Following a four-candidate race for the Contra Costa County clerk recorder's seat, the top two candidates in the primary election -- Kristin Braun Connelly and Vicki Gordon -- are poised to be on the November ballot.
As of the most recent count, which was updated on Tuesday, Connelly came in at the top, with 33.97% of the vote, giving her a double-digit lead over Gordon's 23.48% of the vote.
Both candidates had maintained their leads over the other two contenders, Devin Murphy and Nick Spinner, who were at 22.12% and 20.43% of the vote respectively as of the latest count. However, no candidate was successful in garnering the 50% or more of the vote necessary to win the seat outright in the primary election.
"I'm so appreciative of the support of the voters in Contra Costa County," Connelly told DanvilleSanRamon. "I'm proud to be the first place vote-getter, and certainly want to continue my message of increasing access to voting and having ethics and integrity in all aspects of our office."
"I really think our message resonated with voters, and we plan to carry that into the fall," she added.
Connelly ran on a platform that highlighted a career in which accountability and oversight of elections has played a key role, going back to her time in law school during the contentious Bush vs. Gore election. She went on to train lawyers in election oversight, and oversee the 2008 election in Missouri.
Despite Connelly's substantial lead in the June 7 primary election, Gordon said that she was confident in her own success in the November general election.
"I think the voters realize I have the most experience and the best qualifications," Gordon told DanvilleSanRamon.
Throughout her campaign, Gordon highlighted her experience successfully campaigning for office in the county, having spent more than a decade on the Contra Costa Community College Governing Board, before being ousted by challenger Judy Walters in 2020. She most recently served on the independent redistricting committee for the West Contra Costa Unified School District.
For her part however, Connelly said that she was optimistic in the wake of her strong showing in the primary, and additional support and endorsements she'd gained during her campaign.
"I feel really good," Connelly said. "I'm certainly not going to take anything for granted, but I picked up additional endorsements and donations, and I feel like we're in a strong position to rely on and continue to build the support we've built so far."
Despite results coming out in her favor in the most recent primary election, Connelly said she was concerned about low voter turnout throughout the state, and particularly at the county level. She noted that while turnout is usually higher during general elections, she would seek to increase turnout overall as a priority, if elected as clerk-recorder.
"We had a pretty significant undervote," Connelly said. "The difference between the number of people who voted for the offices. For example, (there were) a significant number of people who didn't vote in the clerk-recorder race where there was no incumbent."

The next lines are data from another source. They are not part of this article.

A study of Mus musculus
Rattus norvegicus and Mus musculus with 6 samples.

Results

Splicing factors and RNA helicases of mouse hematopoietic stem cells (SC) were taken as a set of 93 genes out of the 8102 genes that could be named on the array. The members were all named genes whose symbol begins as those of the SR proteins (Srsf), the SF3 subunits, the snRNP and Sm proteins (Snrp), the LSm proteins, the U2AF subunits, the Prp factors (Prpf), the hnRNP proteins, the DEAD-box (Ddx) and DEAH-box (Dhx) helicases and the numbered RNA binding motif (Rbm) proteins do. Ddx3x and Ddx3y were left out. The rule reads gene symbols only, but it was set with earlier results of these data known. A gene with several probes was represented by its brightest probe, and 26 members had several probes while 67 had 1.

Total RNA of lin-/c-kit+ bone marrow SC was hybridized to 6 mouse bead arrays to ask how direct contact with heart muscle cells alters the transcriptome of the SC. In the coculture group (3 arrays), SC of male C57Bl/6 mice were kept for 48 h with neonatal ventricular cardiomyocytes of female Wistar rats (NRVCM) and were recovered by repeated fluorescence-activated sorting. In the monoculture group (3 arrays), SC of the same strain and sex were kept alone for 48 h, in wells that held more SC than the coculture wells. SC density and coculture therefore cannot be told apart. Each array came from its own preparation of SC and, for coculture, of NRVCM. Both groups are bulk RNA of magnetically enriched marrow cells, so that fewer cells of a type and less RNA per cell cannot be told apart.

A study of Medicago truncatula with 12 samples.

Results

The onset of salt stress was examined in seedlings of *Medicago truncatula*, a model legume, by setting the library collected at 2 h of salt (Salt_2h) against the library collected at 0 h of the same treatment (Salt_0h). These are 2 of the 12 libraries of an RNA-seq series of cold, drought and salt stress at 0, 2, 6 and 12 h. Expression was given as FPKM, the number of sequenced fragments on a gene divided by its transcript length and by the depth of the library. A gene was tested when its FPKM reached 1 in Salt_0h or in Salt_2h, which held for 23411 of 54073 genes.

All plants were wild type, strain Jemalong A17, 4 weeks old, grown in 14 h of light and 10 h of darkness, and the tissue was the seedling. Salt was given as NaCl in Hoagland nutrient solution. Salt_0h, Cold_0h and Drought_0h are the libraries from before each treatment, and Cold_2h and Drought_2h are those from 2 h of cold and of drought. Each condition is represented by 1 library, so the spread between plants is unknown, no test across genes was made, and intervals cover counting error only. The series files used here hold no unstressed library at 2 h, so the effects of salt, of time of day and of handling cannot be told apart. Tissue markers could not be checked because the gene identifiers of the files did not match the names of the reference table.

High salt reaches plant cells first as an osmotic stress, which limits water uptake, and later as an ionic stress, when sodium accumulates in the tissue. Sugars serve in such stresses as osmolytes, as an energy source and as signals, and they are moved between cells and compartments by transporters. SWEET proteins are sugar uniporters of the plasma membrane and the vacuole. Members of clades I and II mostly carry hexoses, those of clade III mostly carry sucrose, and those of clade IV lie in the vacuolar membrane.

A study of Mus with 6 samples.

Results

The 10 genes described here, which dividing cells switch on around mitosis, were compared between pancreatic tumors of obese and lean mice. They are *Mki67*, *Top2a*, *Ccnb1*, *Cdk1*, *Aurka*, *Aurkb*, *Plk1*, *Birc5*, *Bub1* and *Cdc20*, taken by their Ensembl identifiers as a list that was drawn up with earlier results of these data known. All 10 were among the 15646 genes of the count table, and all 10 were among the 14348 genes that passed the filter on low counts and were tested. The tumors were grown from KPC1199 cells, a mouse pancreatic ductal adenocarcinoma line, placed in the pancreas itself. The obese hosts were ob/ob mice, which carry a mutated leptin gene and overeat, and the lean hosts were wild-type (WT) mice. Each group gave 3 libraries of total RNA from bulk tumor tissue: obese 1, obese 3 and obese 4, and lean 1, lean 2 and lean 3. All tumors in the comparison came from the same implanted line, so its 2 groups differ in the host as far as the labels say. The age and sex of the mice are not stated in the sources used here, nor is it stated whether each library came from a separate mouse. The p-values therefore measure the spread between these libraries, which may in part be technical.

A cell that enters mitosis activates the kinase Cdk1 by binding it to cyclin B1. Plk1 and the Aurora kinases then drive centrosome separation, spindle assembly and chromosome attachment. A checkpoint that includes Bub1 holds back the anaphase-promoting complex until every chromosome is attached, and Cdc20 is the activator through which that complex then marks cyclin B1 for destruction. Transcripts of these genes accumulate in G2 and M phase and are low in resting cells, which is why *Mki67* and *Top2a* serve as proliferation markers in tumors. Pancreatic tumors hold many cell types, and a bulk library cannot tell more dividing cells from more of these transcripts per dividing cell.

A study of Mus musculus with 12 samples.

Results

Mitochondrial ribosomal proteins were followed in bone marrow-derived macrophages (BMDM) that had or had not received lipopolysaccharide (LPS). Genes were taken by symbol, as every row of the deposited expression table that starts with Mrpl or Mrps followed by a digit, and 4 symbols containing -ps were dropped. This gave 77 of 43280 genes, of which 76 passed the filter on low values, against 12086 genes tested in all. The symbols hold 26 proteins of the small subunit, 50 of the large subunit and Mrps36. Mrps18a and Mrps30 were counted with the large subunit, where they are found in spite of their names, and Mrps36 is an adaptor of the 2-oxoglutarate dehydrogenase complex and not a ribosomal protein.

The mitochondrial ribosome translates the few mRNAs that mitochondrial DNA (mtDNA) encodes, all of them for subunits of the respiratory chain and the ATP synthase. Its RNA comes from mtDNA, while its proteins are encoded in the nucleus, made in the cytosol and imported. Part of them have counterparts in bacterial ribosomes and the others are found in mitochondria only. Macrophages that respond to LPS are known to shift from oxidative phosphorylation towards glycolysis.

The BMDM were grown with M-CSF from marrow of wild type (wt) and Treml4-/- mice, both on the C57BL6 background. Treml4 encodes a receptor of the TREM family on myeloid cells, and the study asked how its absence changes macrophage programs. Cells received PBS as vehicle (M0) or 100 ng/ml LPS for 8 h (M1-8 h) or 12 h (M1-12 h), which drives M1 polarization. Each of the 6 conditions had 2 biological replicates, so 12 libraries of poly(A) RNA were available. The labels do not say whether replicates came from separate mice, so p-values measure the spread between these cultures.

"There's always been an incumbent in this race before," she added..
The county clerk-recorder's seat is set to be vacated by Deborah Cooper, who was appointed to the position by the Board of Supervisors for three years following the departure of Joe Canciamilla, who pled guilty to charges of grand theft and perjury that consisted of using election funds for personal expenses.
Connelly noted that while turnout is usually higher during general elections, she would seek to increase turnout overall as a priority, if elected as clerk-recorder, and to address disparities in voter engagement, such as those in races with no incumbent.
Amid the scandal in the office under Canciamilla, both Connelly and Gordon ran on platforms that emphasized ethics and integrity, with both pledging to restore those qualities to the office.
Both candidates set to be on the November candidates also expressed appreciation and admiration for the two other contenders.
"(I) just wanted to express my gratitude," Connelly said. "Both of them obviously had messages that resonated, and it was great to meet them both in person and virtually."
"I think Devin Murphy and Nick Spinner ran great campaigns, and really got to know them and admire both of them," Gordon said.
Regarding a report in the East Bay Times about Gordon having been allegedly caught taking an opponent's campaign yard sign, she said that it was a misunderstanding she and her campaign were working on "trying to clear up," and emphasized her respect for both Murphy and Spinner.
Connelly said her campaign would be looking at data from the most recent election and plotting a course for November accordingly, with Gordon's campaign in the midst of preliminary plans to resume in the fall.
"I'm thankful for the support from voters, and all my supporters," Gordon said. "It was a really grassroots kind of campaign, so I'm really grateful to everyone who came forward, and the voters, and I'm looking forward to carrying on to November."
Connelly said that her overall campaign message would remain steady, after a hiatus until closer to November.
"I just think that what has served me well has been to talk about the depth of my management experience, that throughout my career I've been someone in every organization that has been asked to make systems change," Connelly said.
Nonetheless, she noted that she wouldn't be getting complacent in her November run.
"I feel really good about this all, but I know that I need to continue to put the work in," Connelly said.